Recap of AWS re:Invent – “re:Inforces” the Need to Test, Test, Test

By Todd Law On December 6, 2017
Cloud, networking, network testing

It was very exciting to attend last week’s AWS re:Invent conference and trade show in Las Vegas. This event has exploded in magnitude from a modest 6,000 attendees in its earliest incarnations, to an estimated attendance of around 40,000 people in 2017. Besides the trade show for AWS partners and sponsors (including Spirent), there were also over 1,000 technical sessions on diverse aspects of the AWS ecosystem. It’s hard to argue with these kinds of numbers, not to mention AWS’s growing market share in an exploding cloud marketplace.

For me, the highlights of the show were the keynote speeches, where a dizzying array of new features and services were announced. While voice, server-less architectures, and machine learning were certainly the dominant themes, it was also re-assuring to hear Amazon’s strong commitment to test.

test test test backdrop for speaker at AWS re-invent

AWS’s CTO, Werner Vogels, echoed this sentiment when he repeated the mantra of “Test, Test, Test” during his keynote address. This was not some off-the-cuff comment thrown in for no reason—Vogels had a definite reason for everything he said during his keynote.  In this case, Vogels’ comments are certainly motivated by the dramatic changes that cloud-based architectures bring to the world of software development. To elaborate, Vogels also made the telling statement, that, “All the code you’ll ever write will just be business logic”.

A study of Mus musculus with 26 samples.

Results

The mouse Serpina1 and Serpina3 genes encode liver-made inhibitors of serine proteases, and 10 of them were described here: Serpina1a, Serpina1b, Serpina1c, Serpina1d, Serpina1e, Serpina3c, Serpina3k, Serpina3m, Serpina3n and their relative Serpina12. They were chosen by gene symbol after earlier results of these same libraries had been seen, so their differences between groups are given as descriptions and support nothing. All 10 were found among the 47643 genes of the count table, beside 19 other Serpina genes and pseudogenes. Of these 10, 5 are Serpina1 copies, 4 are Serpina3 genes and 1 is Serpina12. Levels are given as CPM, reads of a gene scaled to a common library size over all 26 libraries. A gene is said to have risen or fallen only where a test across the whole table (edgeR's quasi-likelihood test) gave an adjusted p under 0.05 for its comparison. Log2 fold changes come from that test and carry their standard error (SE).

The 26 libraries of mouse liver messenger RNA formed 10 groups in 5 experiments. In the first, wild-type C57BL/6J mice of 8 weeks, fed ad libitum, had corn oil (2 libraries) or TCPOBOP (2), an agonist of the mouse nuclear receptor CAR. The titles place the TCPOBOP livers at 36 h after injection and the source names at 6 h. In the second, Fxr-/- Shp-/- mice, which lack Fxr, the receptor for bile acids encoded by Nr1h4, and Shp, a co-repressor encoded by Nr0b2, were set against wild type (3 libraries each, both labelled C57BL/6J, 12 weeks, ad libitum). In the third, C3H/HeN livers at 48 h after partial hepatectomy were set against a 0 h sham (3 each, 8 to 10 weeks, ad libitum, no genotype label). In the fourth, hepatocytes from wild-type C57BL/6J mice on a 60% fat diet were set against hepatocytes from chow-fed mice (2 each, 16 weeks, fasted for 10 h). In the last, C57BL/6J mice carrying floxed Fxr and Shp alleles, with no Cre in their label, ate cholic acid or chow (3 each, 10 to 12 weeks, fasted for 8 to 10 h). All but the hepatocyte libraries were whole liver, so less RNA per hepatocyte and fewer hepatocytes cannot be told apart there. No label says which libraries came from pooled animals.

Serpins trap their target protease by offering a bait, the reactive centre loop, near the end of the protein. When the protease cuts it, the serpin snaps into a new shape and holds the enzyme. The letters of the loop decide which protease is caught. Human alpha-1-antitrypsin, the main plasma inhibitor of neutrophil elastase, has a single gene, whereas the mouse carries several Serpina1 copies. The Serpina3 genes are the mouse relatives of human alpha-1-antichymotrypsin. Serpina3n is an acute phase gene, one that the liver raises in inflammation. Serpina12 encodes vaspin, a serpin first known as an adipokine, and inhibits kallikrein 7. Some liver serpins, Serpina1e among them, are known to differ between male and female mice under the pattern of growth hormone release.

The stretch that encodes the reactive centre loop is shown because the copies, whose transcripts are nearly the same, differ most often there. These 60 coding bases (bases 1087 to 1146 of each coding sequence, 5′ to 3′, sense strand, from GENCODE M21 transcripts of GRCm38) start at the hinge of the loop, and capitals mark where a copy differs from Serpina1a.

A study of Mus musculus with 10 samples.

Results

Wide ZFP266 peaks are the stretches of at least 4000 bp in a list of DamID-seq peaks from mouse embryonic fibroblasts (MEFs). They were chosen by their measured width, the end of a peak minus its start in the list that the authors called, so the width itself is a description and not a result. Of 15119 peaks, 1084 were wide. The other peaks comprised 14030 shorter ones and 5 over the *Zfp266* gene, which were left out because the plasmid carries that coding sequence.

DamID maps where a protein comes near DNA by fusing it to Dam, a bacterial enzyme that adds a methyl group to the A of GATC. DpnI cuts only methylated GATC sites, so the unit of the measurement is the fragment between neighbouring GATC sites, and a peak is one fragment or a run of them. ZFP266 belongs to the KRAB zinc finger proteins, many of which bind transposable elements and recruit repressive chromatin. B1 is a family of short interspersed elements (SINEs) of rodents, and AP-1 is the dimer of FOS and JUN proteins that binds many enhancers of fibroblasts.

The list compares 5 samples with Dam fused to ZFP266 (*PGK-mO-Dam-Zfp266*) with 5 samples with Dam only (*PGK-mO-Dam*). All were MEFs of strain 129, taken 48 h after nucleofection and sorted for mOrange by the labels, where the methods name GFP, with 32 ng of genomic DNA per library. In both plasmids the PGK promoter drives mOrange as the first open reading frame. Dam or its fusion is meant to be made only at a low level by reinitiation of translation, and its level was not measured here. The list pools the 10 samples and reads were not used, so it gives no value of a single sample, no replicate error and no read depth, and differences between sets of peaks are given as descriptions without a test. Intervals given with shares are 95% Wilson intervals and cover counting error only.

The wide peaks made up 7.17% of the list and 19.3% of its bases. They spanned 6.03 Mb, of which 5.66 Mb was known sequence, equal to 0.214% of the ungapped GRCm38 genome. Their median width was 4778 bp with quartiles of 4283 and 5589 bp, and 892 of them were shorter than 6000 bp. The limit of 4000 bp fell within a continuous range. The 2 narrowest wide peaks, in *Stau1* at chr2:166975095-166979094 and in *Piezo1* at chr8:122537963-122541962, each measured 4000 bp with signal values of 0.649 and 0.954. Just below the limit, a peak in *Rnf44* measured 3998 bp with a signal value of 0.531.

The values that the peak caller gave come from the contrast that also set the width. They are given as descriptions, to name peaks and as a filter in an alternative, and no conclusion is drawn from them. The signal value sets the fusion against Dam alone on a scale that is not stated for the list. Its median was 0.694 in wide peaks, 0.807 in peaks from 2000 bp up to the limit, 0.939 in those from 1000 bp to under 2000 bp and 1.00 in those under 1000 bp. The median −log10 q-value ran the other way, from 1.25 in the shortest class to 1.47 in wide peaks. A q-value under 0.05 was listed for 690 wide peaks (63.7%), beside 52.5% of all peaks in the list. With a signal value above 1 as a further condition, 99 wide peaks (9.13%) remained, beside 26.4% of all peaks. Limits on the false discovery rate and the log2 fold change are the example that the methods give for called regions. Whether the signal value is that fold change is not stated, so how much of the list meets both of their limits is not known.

“All the code you’ll ever write will just be business logic.”
-- Werner Vogels, CTO at AWS

Think about that. The AWS ecosystem is now comprised of over 100 services.  Applications developed on AWS will ultimately be reduced to a set of business objects, attributes, relationships, and associated methods—everything else gets farmed out to services.  And AWS’s list of services is quite comprehensive, covering everything from baseline things like databases, compute, storage, etc., all the way up to exotic pieces like machine learning. And behind each of those services, is ultimately a server or multiple servers. Even so-called “server-less” offerings, such as AWS’s Lambda, actually use servers; however, server management and capacity planning tools are simply hidden from the developer or operator. And guess what, all those servers are going to have to communicate with the business logic.

While this is all really cool and super powerful for developers, it also raises some basic questions. What will the latency be across the network between all those servers? If I am using traditional servers, then how many servers do I need? If I am going server-less, will AWS’s cloud infrastructure rapidly scale as my applications’s needs also scales? These are the kinds of questions that Spirent can help you answer with products like Spirent CloudStress and MethodologyCenter, which uniquely, can simulate workloads and measure resource utilization in the cloud.